I haven't sewn roll bar covers yet so I can't tell you how many yards you need but if you find a shop that's willing to do the work for you they'll be able to estimate the yardage necessary.
What may be hard is locating the twill fabric, so this may help: https://www.haartz.com/index.php?q=exteriors/twillfast
. The factory soft top twill fabric is Haartz Twillfast RPC which can be found on that page. Haartz doesn't sell small quantities to end users, so you'll probably have to call around to automotive upholstery and convertible top shops to see if any of them have the fabric or can get it for you and if you're lucky you'll find a shop that's both willing to sew them for you and can source the fabric. A few years ago I checked online and found a few places that would sell it in small amounts and it's about $90 per yard so sourcing new fabric and getting a shop to do the sewing for you will probably be an expensive project.
Another source for fabric is Craigslist - I've bought a number of used twill soft tops I found on Craigslist, most of them being sold because of bad zippers, bad windows or some other flaw people didn't know how to deal with but the tops were a great source of reusable fabric and the reclaimed fabric from each top (2-3 yards depending on whether the top was from a 2dr or 4dr JKU) was way less expensive than buying it new. Another way I got some - when my local dealer moved to a new building a few miles away from their old one they had a bunch of soft tops in their storage room that were the result of warranty replacements and they didn't want to move them so they gave them to me and I'm still using the fabric from that haul for new projects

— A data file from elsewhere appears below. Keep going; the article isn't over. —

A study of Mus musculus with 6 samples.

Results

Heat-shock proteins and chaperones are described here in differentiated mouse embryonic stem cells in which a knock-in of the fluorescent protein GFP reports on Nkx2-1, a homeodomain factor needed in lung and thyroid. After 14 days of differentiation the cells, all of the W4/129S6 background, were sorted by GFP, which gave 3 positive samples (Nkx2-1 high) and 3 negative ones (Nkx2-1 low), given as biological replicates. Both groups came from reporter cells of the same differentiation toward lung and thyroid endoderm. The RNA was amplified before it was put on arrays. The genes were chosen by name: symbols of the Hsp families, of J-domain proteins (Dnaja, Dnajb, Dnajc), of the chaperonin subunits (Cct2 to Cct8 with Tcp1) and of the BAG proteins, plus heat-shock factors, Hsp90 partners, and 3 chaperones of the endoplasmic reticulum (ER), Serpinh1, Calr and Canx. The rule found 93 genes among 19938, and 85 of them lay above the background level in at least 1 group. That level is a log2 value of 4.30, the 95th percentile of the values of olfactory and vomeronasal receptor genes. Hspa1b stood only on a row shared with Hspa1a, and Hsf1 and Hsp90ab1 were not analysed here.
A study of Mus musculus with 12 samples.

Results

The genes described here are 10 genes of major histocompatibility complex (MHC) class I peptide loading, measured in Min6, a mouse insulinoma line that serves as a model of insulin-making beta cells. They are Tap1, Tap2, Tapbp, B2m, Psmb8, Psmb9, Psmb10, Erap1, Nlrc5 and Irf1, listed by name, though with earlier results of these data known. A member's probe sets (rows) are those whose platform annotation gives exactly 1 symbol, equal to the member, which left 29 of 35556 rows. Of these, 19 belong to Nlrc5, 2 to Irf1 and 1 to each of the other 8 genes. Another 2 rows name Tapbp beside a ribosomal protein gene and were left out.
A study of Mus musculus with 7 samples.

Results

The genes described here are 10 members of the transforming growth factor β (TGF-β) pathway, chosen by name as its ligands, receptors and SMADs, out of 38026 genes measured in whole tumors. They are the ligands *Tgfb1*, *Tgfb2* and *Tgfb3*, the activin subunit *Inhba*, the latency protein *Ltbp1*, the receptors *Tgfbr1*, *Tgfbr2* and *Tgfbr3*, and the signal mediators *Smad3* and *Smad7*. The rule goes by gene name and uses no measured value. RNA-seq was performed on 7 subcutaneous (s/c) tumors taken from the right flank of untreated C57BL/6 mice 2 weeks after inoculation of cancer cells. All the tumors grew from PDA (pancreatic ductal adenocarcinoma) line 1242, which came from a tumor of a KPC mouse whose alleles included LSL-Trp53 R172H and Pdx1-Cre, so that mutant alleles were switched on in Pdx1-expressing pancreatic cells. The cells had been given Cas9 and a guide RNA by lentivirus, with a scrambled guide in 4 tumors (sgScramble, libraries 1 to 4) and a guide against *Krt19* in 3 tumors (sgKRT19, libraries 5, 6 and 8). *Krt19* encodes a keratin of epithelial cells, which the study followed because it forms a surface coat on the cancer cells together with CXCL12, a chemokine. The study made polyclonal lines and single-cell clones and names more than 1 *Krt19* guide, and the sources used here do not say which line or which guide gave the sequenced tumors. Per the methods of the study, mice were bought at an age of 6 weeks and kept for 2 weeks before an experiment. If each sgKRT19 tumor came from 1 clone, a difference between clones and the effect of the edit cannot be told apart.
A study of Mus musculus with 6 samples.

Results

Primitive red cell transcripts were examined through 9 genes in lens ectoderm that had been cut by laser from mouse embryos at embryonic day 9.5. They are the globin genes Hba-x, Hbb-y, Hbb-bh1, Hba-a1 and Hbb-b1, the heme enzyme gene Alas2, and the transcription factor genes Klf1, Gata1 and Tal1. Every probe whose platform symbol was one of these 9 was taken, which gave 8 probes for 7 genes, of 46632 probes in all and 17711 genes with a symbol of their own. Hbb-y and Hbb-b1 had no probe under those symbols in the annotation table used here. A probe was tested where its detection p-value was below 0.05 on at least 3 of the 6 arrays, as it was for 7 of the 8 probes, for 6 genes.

I've sewn quite a few things with twill from used soft tops, including the roll-up soft sides (shown rolled up in this photo) for my homemade LJ Safari Cab hardtop and the cargo bag hanging on the spare...
Twillfast RPC is a really nice fabric to work with, but may be a challenge for people sewing at home - an inexpensive home sewing machine may struggle to sew through multiple layers, it's pretty thick and the typical mostly plastic home sewing machines around today may not handle it. That wouldn't be a problem for an upholstery shop but I mention it in case someone wants to try sewing with it themselves.